Edward Harold Cooper

Grenadier Guards

Personal Details

Born: 27 June 1894 and baptised July 18 the same year at St Alkmund’s parish church in Whitchurch.

Family: Second son of Alfred and May Cooper. In 1916 Edward married Mary J Bedford in Whitchurch and together they had three children, Alfred H, Patricia M and Edward H.

Residence: In 1894 the family were living in Chester Road, Whitchurch, Shropshire. By the time of the 1901 census the family had moved to Wrexham Road, Whitchurch. Ten years later Edward was living with his parents in Wrexham Road. At the time of the 1919 Absent Voters list his address was given as 2 Chemistry Road, Whitchurch. In 1934 Edward was an ironmonger at 26 Green end and was probably living on the premises. Five years later he and Mary Jane were living with family in Chester Road.

Employment: In 1911 Edward was an ironmonger apprentice. He appeared to have continued in this occupation as Kelly’s directory of 1934 listed him as an ironmonger. However the 1939 Register recorded Edward as a poultry farmer.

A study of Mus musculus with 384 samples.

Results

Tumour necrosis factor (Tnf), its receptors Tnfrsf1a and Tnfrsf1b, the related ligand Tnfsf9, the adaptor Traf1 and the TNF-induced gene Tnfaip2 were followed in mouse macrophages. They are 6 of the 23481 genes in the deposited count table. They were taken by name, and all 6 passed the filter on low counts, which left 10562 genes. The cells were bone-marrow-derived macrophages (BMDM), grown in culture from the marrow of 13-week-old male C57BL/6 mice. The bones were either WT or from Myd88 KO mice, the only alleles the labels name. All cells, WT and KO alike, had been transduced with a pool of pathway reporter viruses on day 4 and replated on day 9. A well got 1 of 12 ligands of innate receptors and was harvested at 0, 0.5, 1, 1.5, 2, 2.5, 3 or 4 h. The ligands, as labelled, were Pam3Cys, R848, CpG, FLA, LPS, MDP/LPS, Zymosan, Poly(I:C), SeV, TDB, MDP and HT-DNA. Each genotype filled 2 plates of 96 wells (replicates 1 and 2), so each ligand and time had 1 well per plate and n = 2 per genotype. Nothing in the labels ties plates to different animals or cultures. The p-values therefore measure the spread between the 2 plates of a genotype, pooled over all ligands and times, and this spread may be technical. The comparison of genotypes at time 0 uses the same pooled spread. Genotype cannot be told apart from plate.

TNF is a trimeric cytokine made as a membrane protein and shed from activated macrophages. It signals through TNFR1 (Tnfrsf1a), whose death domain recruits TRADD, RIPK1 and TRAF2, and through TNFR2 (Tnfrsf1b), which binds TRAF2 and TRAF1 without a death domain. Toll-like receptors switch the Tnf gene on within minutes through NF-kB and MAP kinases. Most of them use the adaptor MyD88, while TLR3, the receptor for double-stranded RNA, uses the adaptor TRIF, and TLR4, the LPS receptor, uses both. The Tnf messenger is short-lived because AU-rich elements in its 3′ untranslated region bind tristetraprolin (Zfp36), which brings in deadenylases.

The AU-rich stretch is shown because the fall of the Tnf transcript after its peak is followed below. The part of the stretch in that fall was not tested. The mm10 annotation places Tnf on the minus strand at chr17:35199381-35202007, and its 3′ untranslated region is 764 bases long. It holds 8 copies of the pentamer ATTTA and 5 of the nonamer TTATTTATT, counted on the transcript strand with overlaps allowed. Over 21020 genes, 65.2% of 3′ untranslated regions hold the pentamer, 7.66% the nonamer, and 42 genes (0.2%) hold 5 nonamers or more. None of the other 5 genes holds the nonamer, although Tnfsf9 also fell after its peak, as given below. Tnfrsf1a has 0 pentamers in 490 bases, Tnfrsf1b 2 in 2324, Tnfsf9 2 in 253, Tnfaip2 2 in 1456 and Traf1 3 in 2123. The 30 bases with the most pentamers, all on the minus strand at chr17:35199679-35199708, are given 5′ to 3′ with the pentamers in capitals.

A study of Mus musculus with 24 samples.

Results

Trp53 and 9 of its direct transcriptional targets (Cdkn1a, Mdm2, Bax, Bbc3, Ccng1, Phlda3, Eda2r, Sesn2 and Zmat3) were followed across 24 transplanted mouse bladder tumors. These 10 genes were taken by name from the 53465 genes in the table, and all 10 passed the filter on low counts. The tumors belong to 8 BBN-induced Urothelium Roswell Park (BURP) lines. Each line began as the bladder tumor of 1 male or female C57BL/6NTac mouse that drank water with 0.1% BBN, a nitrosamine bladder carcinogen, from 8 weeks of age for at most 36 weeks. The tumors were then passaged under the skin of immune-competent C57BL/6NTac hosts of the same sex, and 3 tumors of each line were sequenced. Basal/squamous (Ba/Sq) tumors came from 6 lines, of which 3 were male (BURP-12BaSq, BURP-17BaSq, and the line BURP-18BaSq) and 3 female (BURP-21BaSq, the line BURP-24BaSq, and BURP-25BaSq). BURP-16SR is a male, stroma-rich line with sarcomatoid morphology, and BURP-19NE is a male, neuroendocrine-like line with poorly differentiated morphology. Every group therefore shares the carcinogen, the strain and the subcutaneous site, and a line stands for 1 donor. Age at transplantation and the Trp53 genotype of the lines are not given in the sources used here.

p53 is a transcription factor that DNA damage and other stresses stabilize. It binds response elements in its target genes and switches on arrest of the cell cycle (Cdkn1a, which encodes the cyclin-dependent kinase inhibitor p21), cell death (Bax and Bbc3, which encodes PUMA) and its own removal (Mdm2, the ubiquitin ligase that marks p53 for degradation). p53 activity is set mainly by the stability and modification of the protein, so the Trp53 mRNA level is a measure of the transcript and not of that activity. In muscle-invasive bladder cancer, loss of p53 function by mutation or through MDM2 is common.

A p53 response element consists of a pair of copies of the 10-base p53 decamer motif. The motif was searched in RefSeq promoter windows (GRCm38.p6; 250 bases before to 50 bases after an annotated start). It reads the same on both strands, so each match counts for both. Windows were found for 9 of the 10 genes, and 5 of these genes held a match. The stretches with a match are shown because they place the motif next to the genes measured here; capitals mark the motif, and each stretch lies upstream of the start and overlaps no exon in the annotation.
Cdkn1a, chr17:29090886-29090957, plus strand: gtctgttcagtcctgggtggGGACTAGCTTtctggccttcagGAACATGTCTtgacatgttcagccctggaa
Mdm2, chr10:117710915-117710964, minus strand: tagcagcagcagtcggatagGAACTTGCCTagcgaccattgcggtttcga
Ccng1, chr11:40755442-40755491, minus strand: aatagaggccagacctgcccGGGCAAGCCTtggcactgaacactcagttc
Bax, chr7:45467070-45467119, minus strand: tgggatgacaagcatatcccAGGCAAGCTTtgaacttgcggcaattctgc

Died: In 1967, aged 73, in Whitchurch.

Military Details

Regiment: Grenadier Guards

Rank: Corporal

Service Number: 27811

Date of Enlistment: Not known

Date of Discharge: After spring 1919

Reason for Discharge: Not known

Other Information: Edward was reported wounded on 5 Jan 1918 and entitled to wear a wound stripe. He was a Lance Corporal at this time.

Medals and Awards

Edward was awarded the Victory Medal.

The Victory Medal

Great War History Hub Whitchurch Shropshire Medals Front Image

The Allied Victory Medal (also known as ‘Wilfred’) was issued by each of the allies. It was decided that each of the allies should each issue their own bronze victory medal with a similar design, similar equivalent wording and identical ribbon. The British medal was designed by W. McMillan. The front depicts a winged classical figure representing victory. Approximately 5.7 million victory medals were issued. Interestingly, eligibility for this medal was more restrictive and not everyone who received the British War Medal (‘Squeak’) also received the Victory Medal (‘Wilfred’). However, in general, all recipients of ‘Wilfred’ also received ‘Squeak’ and all recipients of The 1914 Star or The 1914/1915 Star (also known as ‘Pip’) also received both ‘Squeak’ and ‘Wilfred’. The recipient’s service number, rank, name and unit was impressed on the rim.